Friday, February 6, 2009

Back on Land in Punta Arenas

On the morning of February 6th, having completed her passage through the Strait of Magellan, the Laurence M. Gould approached Punta Arenas. Eager to set foot on land again after 4 1/2 days at sea, many of us (especially those who had suffered from seasickness) were once more outside on the decks. I marveled at the rich green hills in the distance, the chaotic jumble of colors and forms that comprised the city, and the fact that we were no longer alone. There were many other ships in the water around us now and a whole urban world awaited onshore. What a change this would be after living in the small, vivid communities of ship and station. I wasn't sure if I was quite ready to be back in the "real world" again, but it was upon me.

Although many people describe their time on the Gould as a kind of grueling purgatory that must be endured in order to get to/from the Antarctic Peninsula, I was happy to have had shipboard segues bookending my time on the Ice. Heading south, these days in transit let me fully relish the unknown, to deliciously wonder what lay in store for me at the bottom of the world. Northbound the Gould granted me precious time in which to savor my experiences before plunging back into regular life. I almost felt sorry for people who travel to McMurdo. These folks access Antarctica from New Zealand via a military cargo plane in a matter of hours. What a rude shock it must be to drop abruptly into such drastically different environments and cultures.
As Oona and I watched, the pier grew closer and closer and then the Gould turned and slowly backed into place alongside the dock. We had finally arrived, and despite my mixed feelings about the impending end of my great Antarctic adventure, I found I really was excited about going ashore.

However, we had to wait just a little longer before we could cross the gangplank, as were not allowed to leave the ship until it was safely tied up and the Chilean immigration agents arrived onboard to stamp our passports and officially grant us reentry into their country. In the meantime I amused myself by peering out the galley portholes at Punta Arenas,
and adding a Laurence M. Gould stamp to my passport alongside the ones I got at Palmer Station. I'm not entirely sure why we are allowed to have stamps from Antarctica and Antarctic research vessels, and they hold no legal significance (remember Antarctica is a whole continent ostensibly not owned by anyone). Still, I am delighted to have passport evidence of my journey.
And then, after an hour or so, we were gleefully strolling down the pier. It was time to set foot on verdant land once again and, perhaps more importantly, to get some fresh lunch!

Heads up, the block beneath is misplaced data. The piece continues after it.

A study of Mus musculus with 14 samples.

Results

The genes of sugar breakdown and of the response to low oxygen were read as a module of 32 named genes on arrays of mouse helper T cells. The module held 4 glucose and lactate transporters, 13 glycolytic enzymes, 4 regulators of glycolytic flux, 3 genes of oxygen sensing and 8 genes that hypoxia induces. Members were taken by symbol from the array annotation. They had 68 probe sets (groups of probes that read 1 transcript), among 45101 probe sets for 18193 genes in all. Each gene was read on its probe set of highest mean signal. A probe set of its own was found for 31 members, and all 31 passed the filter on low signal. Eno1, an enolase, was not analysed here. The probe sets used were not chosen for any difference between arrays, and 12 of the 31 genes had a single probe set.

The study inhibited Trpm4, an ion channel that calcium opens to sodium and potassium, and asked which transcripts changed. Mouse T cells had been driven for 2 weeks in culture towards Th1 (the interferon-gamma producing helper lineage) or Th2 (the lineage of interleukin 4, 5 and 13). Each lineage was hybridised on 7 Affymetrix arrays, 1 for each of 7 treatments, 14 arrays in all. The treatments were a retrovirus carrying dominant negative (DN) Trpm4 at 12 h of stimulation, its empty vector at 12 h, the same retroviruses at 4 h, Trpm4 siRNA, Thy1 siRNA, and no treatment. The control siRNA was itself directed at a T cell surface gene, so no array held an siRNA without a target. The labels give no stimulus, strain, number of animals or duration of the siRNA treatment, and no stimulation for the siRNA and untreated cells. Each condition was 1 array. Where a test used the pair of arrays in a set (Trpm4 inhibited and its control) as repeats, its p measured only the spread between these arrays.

Stepping back onto land in the midst of "The Most Austral City in the World" my first impressions were of how busy and messy everything was: visually, sonically, aromatically. After the austere, relatively spare world of Palmer Station, and the contained realm of the ship, I was suddenly affronted by too many options. Everything seemed to mirror the confused tangle of cables suspended above our heads as my friends and I wandered up Punta Arenas' sidewalks. Whereas at Palmer there had been one bumpy, gravel "road" that ran for only a couple hundred feet, here a maze of interlaced streets stretched out before me. The city's brightly painted buildings and corrugated rooftops came from a color palate that had expanded exponentially from the whites, grays and blues that dominate Antarctic landscapes. The scents of penguins and elephant seals wafting across the water from nearby islands had been replaced by diesel and gasoline fumes, scrambled restaurant food odors, and the earthy smells of things growing in dirt and a profusion of human and animal life.

As for the soundscape: well cacophony really is the appropriate word. Engines and motors of all kinds surrounded us. Everywhere I looked the world was overrun by people: chatting, arguing, laughing, coughing, and clomping. This incredible layer of "background" noise was punctuated by the occasional doorslam, tolling churchbell, or altercation between street dogs. Even after living with the blaring drone of the ship's engines for days on end this was quite overwhelming at first. Since Punta Arenas is not even all that big of a city (around 130,000 people), I wondered how I was ever going to adapt to hearing San Francisco when I arrived home.

Luckily yummy food awaited us, and the growling of my stomach soon overrode my other senses. Even though I was a vegetarian in a place where people seem to eat a lot of meat, it was thrilling to have so many food options again. And after a month away from freshies, the fact that there were whole stores full of ripe fruit and vegetables seemed nothing short of miraculous!

In the evening, after settling into our hotels, and strolling and eating our way around town (One of my friends had 3 or 4 different lunches. All afternoon he just kept moving from one excellent restaurant to the next.), Oona and I gathered for a beer with some of the researchers from the LTER cruise. Then it was off to a final dinner with our fellow Palmerites. Tomorrow many of them, including my amazing Artboat co-captain Oona, would be jetting north or heading off to other South American adventures. I, on the other hand, would be staying in town for a couple more decompression days before flying home.

I was so excited about our desserts that I couldn't resist photographing them.